TWENTY-SOMETHINGS are packed into a sweaty, dark basement of a Philadelphia apartment building. Chintzy wires snake across the concrete floor, from an overworked outlet to amplifiers the size of small refrigerators. A guitarist twists the knobs on his instrument, looking for the right sound, only to have it swallowed whole by the fake wood panel walls.
The scene stirs memories of decades past. While it might be easier, in today’s music world, to make it big by starting a YouTube channel, uploading your tracks on SoundCloud or auditioning for America’s Got Talent, a new movement, with roots in Philadelphia, is combining modern technology with the halcyon days of rock and roll to create, perform and promote new music.
“I started going to these ‘house shows’ that I heard so much about,” freelance writer Amanda Silberling wrote on the website Rock On Philly. “I imagined suburban living rooms, only to find row house basements… Over time, I was introduced to a wide array of talented musicians who were right under my nose all along.”
One of those talented musicians is Jackson Mansfield ’20, who partnered with high school friend Nick Bairatchnyi to form The Obsessives, an amalgamation of emo, indie and pop rock that found footing in those Philly basements.
The duo grew up near Washington, D.C., befriending each other through the School of Rock afterschool program. They formed The Obsessives in 2012, and began playing small local shows in and around Mansfield’s hometown of Bethesda, Maryland.
“We were constantly writing songs and booking any show we could get,” Mansfield said. “We blend really well together and play a good live set and, eventually, people started to notice us.”
Their growing popularity inspired them to take a gap year after high school to immerse themselves in what is known as the D.I.Y. scene. Rather than signing with a record label or hiring a manager, bands write, produce and record music, book their own shows, design their own merchandise and run their own social media accounts.
For The Obsessives, D.I.Y. meant a nationwide tour in a minivan for 40 days, playing in makeshift venues in front of crowds ranging from five to 50. Gigs were set up through friends and other musicians.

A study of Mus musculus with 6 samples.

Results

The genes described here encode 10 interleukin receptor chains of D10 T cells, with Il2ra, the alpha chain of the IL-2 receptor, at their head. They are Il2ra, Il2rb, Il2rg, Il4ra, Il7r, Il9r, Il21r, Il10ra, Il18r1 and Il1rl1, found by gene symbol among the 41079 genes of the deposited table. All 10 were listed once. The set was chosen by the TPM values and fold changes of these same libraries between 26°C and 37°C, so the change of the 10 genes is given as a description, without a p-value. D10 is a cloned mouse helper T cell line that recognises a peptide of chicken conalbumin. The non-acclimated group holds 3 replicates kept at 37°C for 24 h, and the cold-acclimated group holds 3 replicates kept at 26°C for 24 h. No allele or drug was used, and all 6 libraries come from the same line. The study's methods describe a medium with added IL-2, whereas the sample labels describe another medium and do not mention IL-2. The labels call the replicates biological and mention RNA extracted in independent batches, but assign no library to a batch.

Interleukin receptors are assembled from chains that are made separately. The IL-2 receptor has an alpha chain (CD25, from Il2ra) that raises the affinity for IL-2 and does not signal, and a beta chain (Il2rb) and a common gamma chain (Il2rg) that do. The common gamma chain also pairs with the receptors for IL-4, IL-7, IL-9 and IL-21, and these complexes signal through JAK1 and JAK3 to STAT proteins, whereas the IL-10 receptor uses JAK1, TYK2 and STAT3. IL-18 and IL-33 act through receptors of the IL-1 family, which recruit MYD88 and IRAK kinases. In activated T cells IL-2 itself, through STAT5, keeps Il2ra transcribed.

“We’d hear from a guy in Denver in the D.I.Y. community who wanted us to play a basement show for 10 people, and he’d let everyone crash at his house. That’s how we made our way across the country,” Mansfield said.
This spring, The Obsessives are headed on another tour, though their transportation and lodging will be getting an upgrade. The duo will be opening for Modern Baseball, a headlining band from Philadelphia’s D.I.Y. scene that is currently selling out shows around the world. The Obsessives will play 30 shows around the country, kicking off March 17 in Huntington, New York.
This will require Mansfield to take a leave of absence from Conn, a development, he said, that went smoother
“Not even a week after I moved into Conn, the first call I made to my parents was to tell them I was taking a semester off. I think they were expecting a call about how I was getting along with my roommate,” Mansfield recalled.
“But they’ve been extremely supportive the whole time. They know this is a dream and a passion, and we take it seriously.”
The tour will coincide with the release of the band’s still untitled new album, their foray into a pop rock sound inspired by bands like The Cure, The Killers and The Strokes. Mansfield said the sound of the album—out this March on the independent Lame-O Records—will stray from their previous music that includes some blues-rock (think The White Stripes) and even mid-2000s emo inspiration (think Taking Back Sunday or Brand New.)
In December 2016, the band released an EP of seven new songs called A Great Menace Weighs Over the City. “Wrote and recorded this baby for straight kicks this August before leaving for college,” Mansfield is quoted in an online review that says the release “whets the appetite for next year’s full-length, while crafting a place of its own making.”
The Obsessives have a cult following that will undoubtedly grow during the upcoming tour, but the group is setting its sights higher than online releases and college radio stations. They already have unreleased songs they plan to demo for future albums, including one they plan to record this summer following the tour.
“We’re definitely trying to talk to major labels and get some songs on the radio. We’re looking big.”
Visit theobsessives.bandcamp.com for tour dates and to listen to A Great Menace Weighs Over the City.